Spinach, swiss chard, kale, romaine, lambsquarter… leafy greens are the most nutritious things you can eat. We’ve spent a lot of time learning how to prepare them in ways that make them enjoyable to eat. But they are delicate, and we only go to the market on Saturdays. Wilted, soggy, rotting greens are nasty. How can you keep them fresh for a whole week? Here is what we have learned…

The overarching strategy:

  1. Immediately get rid of any bad leaves, because it’s true that one bad apple ruins the bunch, due to Ethylene.
  2. Keep the greens whole, unless you are using them in the next day or two (see #5).
  3. Get the greens as dry as you can and help them stay dry.
  4. Store the greens properly.
  5. Sequence your meals around the shelf life of your greens, e.g.: fresh salads first, sautés last.

Here are the details:

When we get home from the market on Saturday morning we spend time (up to an hour if we have a lot) sorting, trimming, washing, and sometimes even prepping all of the greens that we bought for the week. It’s a pain and we hate doing it, but it makes cooking for the rest of the week much quicker and easier.

Even so, the real reason we do it is that it makes the greens stay fresh much longer than just shoving them in the fridge and dealing with them later. We do something similar for root vegetables (we remove greens and scrub dirt), but that’s a separate post.

The steps:

  1. Go through the greens and discard any leaves that don’t look good. As they age and wilt, fruits and vegetables release Ethelyne, a gas which triggers other fruits and vegetables to ripen / wilt / rot faster. If there are any in the mix that are already pretty far gone, they will kick off the wilting process as soon as you store the bunch in the fridge. Tossing these will delay the process by a few days.
  2. Trim off any stalks or other pieces that you won’t be using, such as the ends of stems or stalks.
  3. Make sure that your sink is empty of dishes. Give it a quick cleaning and fill it with water. Throw in the greens, one type at a time. Agitate them around to shake off any dirt or sand. Then let them sit for a few minutes so that the grime falls to the bottom as the greens float on top. If we have a smaller amount of greens, we will do this directly in our salad spinner instead of filling the whole sink.

    Wash and spin the greensAlternate washing method:  do it IN the spinner

  4. Remove the greens from the sink while being careful not to agitate the water and stir up too much dirt. If you have more greens to clean, leave the water in the sink. If you washed the greens in the spinner, just lift up the basket and dump out the dirty water. Spin them in a salad spinner, in batches if necessary. We usually spin once, pour out the water and shuffle the leaves around, and then spin a second time.

    Optional: If you are going to use the greens in the next day or two, you might as well chop them now. If not, they will store better whole.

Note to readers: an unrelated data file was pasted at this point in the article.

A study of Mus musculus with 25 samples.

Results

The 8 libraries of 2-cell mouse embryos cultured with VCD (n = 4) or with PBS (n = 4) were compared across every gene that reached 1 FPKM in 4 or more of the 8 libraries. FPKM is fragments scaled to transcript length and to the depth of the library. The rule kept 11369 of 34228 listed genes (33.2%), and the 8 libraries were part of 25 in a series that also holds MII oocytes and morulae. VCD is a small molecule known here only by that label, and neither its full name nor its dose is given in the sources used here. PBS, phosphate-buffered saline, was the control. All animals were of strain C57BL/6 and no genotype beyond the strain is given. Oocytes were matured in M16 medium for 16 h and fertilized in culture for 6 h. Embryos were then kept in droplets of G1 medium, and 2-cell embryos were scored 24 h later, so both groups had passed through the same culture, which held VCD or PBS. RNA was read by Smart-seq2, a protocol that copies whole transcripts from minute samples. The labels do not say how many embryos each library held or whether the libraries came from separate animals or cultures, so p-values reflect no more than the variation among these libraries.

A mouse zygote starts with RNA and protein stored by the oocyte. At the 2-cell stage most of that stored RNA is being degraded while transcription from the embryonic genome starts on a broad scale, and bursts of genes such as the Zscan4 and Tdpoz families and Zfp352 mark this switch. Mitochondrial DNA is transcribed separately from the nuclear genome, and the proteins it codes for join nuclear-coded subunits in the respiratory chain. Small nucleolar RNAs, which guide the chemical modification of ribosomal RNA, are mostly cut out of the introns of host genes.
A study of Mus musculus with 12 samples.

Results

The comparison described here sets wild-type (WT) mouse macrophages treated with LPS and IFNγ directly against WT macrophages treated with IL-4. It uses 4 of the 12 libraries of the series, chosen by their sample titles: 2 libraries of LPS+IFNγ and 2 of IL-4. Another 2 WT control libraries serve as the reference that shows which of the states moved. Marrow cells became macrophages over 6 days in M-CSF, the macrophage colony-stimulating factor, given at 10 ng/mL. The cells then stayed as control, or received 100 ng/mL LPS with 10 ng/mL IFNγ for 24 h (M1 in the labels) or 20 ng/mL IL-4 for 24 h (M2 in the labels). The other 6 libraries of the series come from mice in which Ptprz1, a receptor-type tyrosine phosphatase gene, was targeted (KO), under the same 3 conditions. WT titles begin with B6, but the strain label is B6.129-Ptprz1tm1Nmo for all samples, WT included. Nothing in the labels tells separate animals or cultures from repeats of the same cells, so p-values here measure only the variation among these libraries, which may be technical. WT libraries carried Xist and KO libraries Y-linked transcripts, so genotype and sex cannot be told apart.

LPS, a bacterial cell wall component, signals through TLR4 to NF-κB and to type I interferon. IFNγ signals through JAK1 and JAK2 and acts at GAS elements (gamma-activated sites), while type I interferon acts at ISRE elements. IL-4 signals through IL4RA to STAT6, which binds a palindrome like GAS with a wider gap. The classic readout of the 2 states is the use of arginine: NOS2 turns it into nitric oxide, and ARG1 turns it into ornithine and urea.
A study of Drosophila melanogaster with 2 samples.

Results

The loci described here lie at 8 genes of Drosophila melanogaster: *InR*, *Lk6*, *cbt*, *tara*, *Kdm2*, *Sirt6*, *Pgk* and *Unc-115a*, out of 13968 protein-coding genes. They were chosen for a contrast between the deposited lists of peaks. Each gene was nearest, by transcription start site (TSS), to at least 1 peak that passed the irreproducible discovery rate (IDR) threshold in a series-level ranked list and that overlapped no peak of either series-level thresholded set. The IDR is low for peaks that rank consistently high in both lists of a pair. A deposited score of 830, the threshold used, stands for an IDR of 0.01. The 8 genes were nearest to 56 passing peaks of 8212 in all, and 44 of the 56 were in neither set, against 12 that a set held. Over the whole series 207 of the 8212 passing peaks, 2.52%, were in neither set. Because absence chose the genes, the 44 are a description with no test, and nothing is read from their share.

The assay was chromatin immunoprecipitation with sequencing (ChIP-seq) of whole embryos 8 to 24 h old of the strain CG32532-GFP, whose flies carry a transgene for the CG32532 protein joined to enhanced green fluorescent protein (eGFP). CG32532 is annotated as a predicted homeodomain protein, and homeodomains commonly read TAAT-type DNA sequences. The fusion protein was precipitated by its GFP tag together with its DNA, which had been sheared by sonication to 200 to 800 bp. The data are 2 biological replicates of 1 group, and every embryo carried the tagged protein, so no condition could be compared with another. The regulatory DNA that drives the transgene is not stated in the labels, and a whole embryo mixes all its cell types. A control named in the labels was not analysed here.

5. Lay out a thin (clean) towel (we have these really terrific, big tea towels / flour sack towels; paper towels also work in a pinch). Spread the greens out in a thin layer across the towel. Try not to go any more than two or three leaves deep in any spot. If necessary, fold the towel over and add a second layer.

    Lay the greens out on a towel or paper towel

  6. Roll the towel up tightly and secure it with a rubber band. This process not only dries the leaves now, but storing them in the towel will continue to wick away moisture the entire time the greens are stored in the fridge.

    Roll the towelRubber-band the towel

  7. Place the rolled-up towel of greens into a bag. We use green bags. I know, I saw these on TV too and thought they were a joke. But they really do let Ethylene escape, extending the life of whatever produce you store in them. Regular bags, especially Ziploc, trap the Ethylene and accelerate the aging.

    Bag the towel (green bags work best)

  8. Finally, we use our greens, when we can and when we think of it, in an order:
    1. If we’re planning to eat any of the greens raw, e.g. in a salad, we do it early in the week. As greens age, they get more bitter and less tender.
    2. If we’re planning any recipes where cooked greens are the star of the show, we make those by mid-week. The greens can wait a little longer, since they’re cooked.
    3. Finally, if we have any greens left at the end of the week, we cook them and use them as an accent, e.g. pizza topping or frittata.

    As an example, here’s a meal plan for one week in May:

    • Mixed green salad with sunflower thyme pesto (Monday)
    • Swiss chard with pinenuts and grain (Tuesday)
    • Herb salad with curry dressing (Wednesday)
    • Asparagus with “cheezy” sauce (Thursday)
    • Mashed sweet potatoes with ribbons of collard greens (Friday)

Update:

Two related points that I should have made:

  • We have been reusing the green bags for about one year now and they are still going strong. We wash them inside and out with dish soap and rinse thoroughly. After a while we invested in a bag drying rack to make things easier.
  • For shopping at the market, we initially used the green bags, but that wasn’t a good system because the market-fresh produce got the bags dirty, so where to put the produce after we’ve cleaned it?! We found a better set of market bags: washable fine mesh bags.

    They can get wet, are machine washable, and you don’t need to worry about plastic bags at the market. They weigh next to nothing, so if you are paying by the pound it won’t hurt.